If there’s one thing the Australian film industry is great at, it’s turning our gaze inwards to this country’s dirty underbelly. Australia loves stories about criminals and the fringe. A key part of this nation’s identity, the struggle between law and order, civilisation and chaos, has been around for as long as there’s been people on this continent. It’s a theme that we seem more than happy to explore on the cinematic screen and Locusts, from Heath Davis and Angus Watts, is the latest in this long and fruitful tradition.
Ryan (Ben Geurens) is a big city boy with a prescription drug problem and an expensive car. His business is booming, in some circles he’s considered ’The New Mark Zuckerberg’, and with a wife and son it seems his life is on track. Yet his dark past never seems far away. Growing up in one of the mining towns in western NSW has left a mark.
When his father suicides – “twenty years too late” bemoans his brother Ty (Nathaniel Dean) – he returns to his home town, a squalid frontier settlement where the once prosperous mines have dried up. It’s a ghost town now. The poverty cycle has engulfed the whole region and there’s little to do apart from drink and start bar fights. This unforgiving land breeds unforgiving people. As more of his family’s dark secrets rise up from the sunbaked ground, past debts and new threats reemerge.
Local award winning screenwriter Angus Watts has created a fantastic piece of genre filmmaking. This project has been percolating for over five years and with director Heath Davis (Book Week) at the helm it’s come together beautifully. The same vein of desolate madness that films like Wake in Fight and Mad Max tapped into is mined here too – Mad Max especially since Locusts was also filmed around Broken Hill during a drought.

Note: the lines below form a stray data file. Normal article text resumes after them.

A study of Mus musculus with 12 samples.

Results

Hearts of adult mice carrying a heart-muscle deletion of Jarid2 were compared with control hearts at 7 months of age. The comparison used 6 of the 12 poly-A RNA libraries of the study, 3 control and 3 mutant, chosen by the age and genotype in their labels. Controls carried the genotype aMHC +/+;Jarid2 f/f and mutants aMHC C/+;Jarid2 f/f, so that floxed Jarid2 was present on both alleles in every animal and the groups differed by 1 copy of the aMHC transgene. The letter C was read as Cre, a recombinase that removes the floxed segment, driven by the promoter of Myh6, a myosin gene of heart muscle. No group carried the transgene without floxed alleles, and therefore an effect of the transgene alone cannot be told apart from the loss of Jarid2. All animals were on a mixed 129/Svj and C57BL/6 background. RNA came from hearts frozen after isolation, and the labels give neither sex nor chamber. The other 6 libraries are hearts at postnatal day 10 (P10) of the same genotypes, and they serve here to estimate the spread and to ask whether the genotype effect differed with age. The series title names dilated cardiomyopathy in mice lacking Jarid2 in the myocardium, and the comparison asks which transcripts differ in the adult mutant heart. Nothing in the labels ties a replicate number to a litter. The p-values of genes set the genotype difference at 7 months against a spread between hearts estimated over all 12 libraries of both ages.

The sense of place has been captured beautifully. Those living in Australian cities can scarcely imagine what it is to live in the boom-and-bust culture of mining towns. This part of the world doesn’t seem to want life living on it and, with the tyranny of distance, when local industry dries up these places become financial prisons where isolation is the bars.
We’re seen this story plenty of times before but Watts’ script is a tightly written beast that unfolds slowly, revealing the many layers underneath. Chris Bland’s cinematography is nothing like his name suggests, there’s a true beauty in Australia’s desolation and he’s captured it beautifully. Some scenes around sunset are absolutely gorgeous. The closing image is perfect.
Apart from one out of place piece of literal toilet humour and some poor prop design – whoever made the fake money seemed to think John Monash was on the $50 note, an odd but funny gaff – this is a great local feature that pulls not punches. I’m not familiar with Watts and Davis’s other work but I’ll be sure to check them out now. It takes a little while to find its feet but Locusts grows into a perfectly tuned piece of local crime drama.
Locusts is in cinemas from 17th October.